Council veterans allowed to run
Deputy county clerk deems ‘consecutive’ as deciding term in law
Deputy Maui County Clerk Josiah Nishita focused on “consecutive” as a key word in deciding whether a charter provision prohibiting council members from serving more than five consecutive terms barred three candidates from running for County Council offices this year.
In a ruling Friday that was released Saturday, Nishita said the plain language of the law and the legislative intent of the 1991-92 Charter Commission made it clear that a charter amendment adopted by voters in 1992 was meant to limit consecutive terms by council members and not “as a limit to the total amount of terms a council member may serve.”
Therefore, he rejected an objection filed Tuesday by Haiku resident Sean Lester seeking to disqualify the candidacies of Council Member Riki Hokama and former Council Members Mike Molina and Alice Lee. Each served five consecutive five-year terms at various times. And, now they are seeking council offices again — in Hokama’s case a second fifth consecutive two-year term.
On Saturday evening, Lester said he decided not to appeal Nishita’s decision to 2nd Circuit Court, but to pursue a charter amendment on term limits instead.
He emphasized that his point in challenging the candidates was about clarifying term limits. “It’s not personal,” he said, adding that he has worked with them in the past and, in Molina’s case, supported his candidacy early on.
Lester suggested voters consider a charter amendment to limit council terms to no more than 10 years and mayoral terms to no more than eight.
Otherwise, career politicians would be able to continue to recycle through county government and hinder “fresh faces” from providing a “more responsive government with new ideas,” he said.
Lester’s complaint hinged on a sentence in the charter that reads: “No member of the County Council shall serve more than five consecutive full terms of office.” (The amendment regarding council term limits was approved by voters on Nov. 3, 1992, not six years later as incorrectly reported previously in The Maui News.)
In his ruling, Nishita said the word “consecutive” needs to be “taken into account” when interpreting the key sentence.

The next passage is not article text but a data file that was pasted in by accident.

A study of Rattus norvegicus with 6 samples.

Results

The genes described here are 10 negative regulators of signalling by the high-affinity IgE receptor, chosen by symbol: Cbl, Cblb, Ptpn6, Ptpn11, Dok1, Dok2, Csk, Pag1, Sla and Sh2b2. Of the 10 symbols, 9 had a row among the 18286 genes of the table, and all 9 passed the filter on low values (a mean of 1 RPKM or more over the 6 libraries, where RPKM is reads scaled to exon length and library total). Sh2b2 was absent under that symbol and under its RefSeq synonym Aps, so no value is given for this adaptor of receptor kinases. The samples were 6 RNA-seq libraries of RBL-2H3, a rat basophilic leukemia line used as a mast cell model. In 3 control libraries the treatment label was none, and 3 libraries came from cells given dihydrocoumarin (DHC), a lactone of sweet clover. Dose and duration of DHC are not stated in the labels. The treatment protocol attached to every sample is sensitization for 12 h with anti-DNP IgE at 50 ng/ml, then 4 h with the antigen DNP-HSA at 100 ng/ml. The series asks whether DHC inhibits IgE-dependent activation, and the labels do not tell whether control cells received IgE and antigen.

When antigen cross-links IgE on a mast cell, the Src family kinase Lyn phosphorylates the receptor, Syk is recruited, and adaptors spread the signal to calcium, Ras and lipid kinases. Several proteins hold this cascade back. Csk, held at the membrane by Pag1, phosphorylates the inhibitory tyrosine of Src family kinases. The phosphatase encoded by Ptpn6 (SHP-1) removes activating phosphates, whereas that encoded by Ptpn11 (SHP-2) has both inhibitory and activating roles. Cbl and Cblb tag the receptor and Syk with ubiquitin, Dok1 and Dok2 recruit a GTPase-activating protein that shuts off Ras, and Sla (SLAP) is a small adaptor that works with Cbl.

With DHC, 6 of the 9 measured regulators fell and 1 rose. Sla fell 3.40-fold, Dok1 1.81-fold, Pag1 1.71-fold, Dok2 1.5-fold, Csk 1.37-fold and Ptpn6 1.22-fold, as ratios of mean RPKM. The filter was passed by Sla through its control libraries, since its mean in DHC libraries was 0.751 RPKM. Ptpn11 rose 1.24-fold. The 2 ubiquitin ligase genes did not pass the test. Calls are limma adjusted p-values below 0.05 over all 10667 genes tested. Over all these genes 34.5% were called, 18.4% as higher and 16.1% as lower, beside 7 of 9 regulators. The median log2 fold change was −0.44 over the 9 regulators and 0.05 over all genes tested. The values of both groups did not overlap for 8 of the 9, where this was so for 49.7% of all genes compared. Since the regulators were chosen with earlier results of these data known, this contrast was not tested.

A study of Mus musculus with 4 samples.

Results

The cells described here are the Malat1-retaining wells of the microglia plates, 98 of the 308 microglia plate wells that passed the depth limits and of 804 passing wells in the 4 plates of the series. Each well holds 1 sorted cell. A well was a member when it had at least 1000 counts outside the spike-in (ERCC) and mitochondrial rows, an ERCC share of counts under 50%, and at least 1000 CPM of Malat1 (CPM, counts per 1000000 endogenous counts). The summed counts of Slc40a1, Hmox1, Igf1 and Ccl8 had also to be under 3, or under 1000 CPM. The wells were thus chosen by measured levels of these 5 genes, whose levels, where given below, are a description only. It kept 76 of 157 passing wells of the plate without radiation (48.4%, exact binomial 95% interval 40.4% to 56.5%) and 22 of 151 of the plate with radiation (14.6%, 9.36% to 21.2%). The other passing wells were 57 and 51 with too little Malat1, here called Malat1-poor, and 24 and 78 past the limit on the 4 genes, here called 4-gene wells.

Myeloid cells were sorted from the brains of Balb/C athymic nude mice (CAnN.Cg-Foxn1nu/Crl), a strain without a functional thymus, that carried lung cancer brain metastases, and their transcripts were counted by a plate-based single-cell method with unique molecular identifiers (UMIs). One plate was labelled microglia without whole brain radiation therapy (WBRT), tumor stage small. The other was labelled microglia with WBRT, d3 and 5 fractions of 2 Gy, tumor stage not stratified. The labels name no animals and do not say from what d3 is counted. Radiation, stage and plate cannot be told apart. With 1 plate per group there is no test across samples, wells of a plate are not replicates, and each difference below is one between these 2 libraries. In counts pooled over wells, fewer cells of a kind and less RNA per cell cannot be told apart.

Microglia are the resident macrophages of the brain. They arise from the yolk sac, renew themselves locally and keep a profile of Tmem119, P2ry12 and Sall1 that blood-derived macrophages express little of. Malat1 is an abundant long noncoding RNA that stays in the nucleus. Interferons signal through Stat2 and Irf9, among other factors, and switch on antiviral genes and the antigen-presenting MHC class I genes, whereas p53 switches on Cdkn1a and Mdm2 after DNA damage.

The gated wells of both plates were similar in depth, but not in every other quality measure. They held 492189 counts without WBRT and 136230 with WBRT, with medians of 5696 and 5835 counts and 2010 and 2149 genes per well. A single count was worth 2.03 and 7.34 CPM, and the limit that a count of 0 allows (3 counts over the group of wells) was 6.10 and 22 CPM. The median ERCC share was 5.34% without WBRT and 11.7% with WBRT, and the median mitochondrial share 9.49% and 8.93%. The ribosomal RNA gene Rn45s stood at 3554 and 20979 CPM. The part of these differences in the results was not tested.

“By removing that word from the statute, a limit would be placed on the total number of terms a council member could serve to five, regardless of when they were served, and whether they were served consecutively or not,” he said. “Plain reading of the statutory language would indicate that a limit was placed on the amount of ‘consecutive’ terms a council member could serve, but not on the total number of terms a council member could serve.”
Adopting Lester’s interpretation of “consecutive terms” would raise the possibility of council members choosing not to seek a fifth consecutive term so they could serve four consecutive terms with a two-year break in between indefinitely, since they would never meet the fifth-term threshold, Nishita pointed out.
“Mr. Lester’s interpretation of the statutory language would only place term limits on council members who were re-elected for a fifth consecutive term, but would not place term limits on any other council member, regardless of how many terms they served as long as it didn’t exceed five consecutive terms,” he said. “Plain reading of the statutory language and an understanding of the impacts of the interpretation of the language do not support the objections provided by Mr. Lester.”
Nishita also looked at the legislative intent and the report of the 1991-92 Charter Commission. It said that, under the recommended change for term limits, “a council member would be prohibited from running for a council seat after five consecutive terms but could run again after the lapse of at least one term.”
The same sentence was included in an advertisement explaining the charter amendment and published in The Maui News in 1992.
* Brian Perry can be reached at email@example.com.